In the images of We Love our Employees everything was wonderful. You’ll notice a palpable beauty, healthy bodies, nice clothes, exquisite hairstyles, you might smell a well-matched perfume. The context is one of economic bonanza. Healthy, erect; these workers model the best employees: tense, but obedient; frightened, but with their lives resolved — what André Gorz sums up in his sentence: “To lose one’s life to gain a living.”
Artist(s) Alejandro Cartagena
Publisher Gato Negro Ediciones
The SCyF was born with a board of directors that represented the workers before management; however, management approved its candidates and chose their words, as their greatest concern was preventing the socialist ideas of the moment from infecting their business structure. This was recorded in one of their statutes: “It is strictly (sic) prohibited for members to discuss the relationship between capital and labour in society [and] all kinds of matters outside it.” Like this, the Cuauhtémoc Brewing Company took control of what would be the immediate antecedent of the first Mexican “sindicato blanco” (white unión), created in 1931 within their company.
During the administration of the Mexican President Lázaro Cárdenas (1934-1940), socialist discourse shook the oligarchy. In these years, the punitive policies of the company intensified. Documented by Dr. Lylia Palacios from the Universidad Autónoma de Nuevo León, the number of layoffs skyrocketed. Reviewing these particular cases, Palacios notes the occurrence of three types of settlements: those of accidents and illnesses contracted as a result of the termination of employment, those of people known as “contractors” who worked in the plant but were not formal employees of the company and who tried to organize an independent union in 1938, and finally political dismissals that had to do with questioning the legitimacy of the company.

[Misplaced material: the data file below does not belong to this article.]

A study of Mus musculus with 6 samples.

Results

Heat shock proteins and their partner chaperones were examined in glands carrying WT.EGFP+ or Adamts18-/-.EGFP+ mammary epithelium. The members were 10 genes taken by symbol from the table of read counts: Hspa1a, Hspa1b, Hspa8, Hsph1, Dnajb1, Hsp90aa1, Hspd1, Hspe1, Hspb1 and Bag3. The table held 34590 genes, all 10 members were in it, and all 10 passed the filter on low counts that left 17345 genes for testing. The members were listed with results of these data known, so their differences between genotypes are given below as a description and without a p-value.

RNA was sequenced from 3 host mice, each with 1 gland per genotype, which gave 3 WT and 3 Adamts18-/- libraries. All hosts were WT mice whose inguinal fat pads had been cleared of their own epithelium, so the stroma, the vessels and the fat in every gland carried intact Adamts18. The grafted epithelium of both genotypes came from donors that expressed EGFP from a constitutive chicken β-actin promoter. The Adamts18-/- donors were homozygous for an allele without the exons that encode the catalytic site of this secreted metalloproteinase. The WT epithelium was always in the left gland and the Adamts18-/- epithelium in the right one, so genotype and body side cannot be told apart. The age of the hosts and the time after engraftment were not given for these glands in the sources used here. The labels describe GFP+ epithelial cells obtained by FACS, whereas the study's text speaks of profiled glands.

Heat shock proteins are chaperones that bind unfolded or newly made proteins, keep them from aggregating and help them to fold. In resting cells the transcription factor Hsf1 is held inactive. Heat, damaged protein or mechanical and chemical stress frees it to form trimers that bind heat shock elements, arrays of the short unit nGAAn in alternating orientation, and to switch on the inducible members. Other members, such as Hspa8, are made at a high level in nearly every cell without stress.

In some cases, the company signed brief explanations of the breakdown of the professional relationship where it was stated that workers were removed from their position by their own accord “for not meeting the appropriate physical conditions to perform the job.” Other types of documents collected by Palacios were excuses or so-called “confessions” of the workers to their employer or boss: “Pardon me for the great error I’ve committed… by taking a bottle of beer to my house.”
In fact, in We Love our Employees, several of the photographs selected include people identified as “los zopilotes” (the buzzards), whose responsibility was to report to management the topics of conversation between workers, as well as any suspicious activities.
Forrest Soper interviewed Alejandro Cartagena about We Love Our Employees.
You can read this interview on the photo-eye blog.
Here you can access the publisher’s website.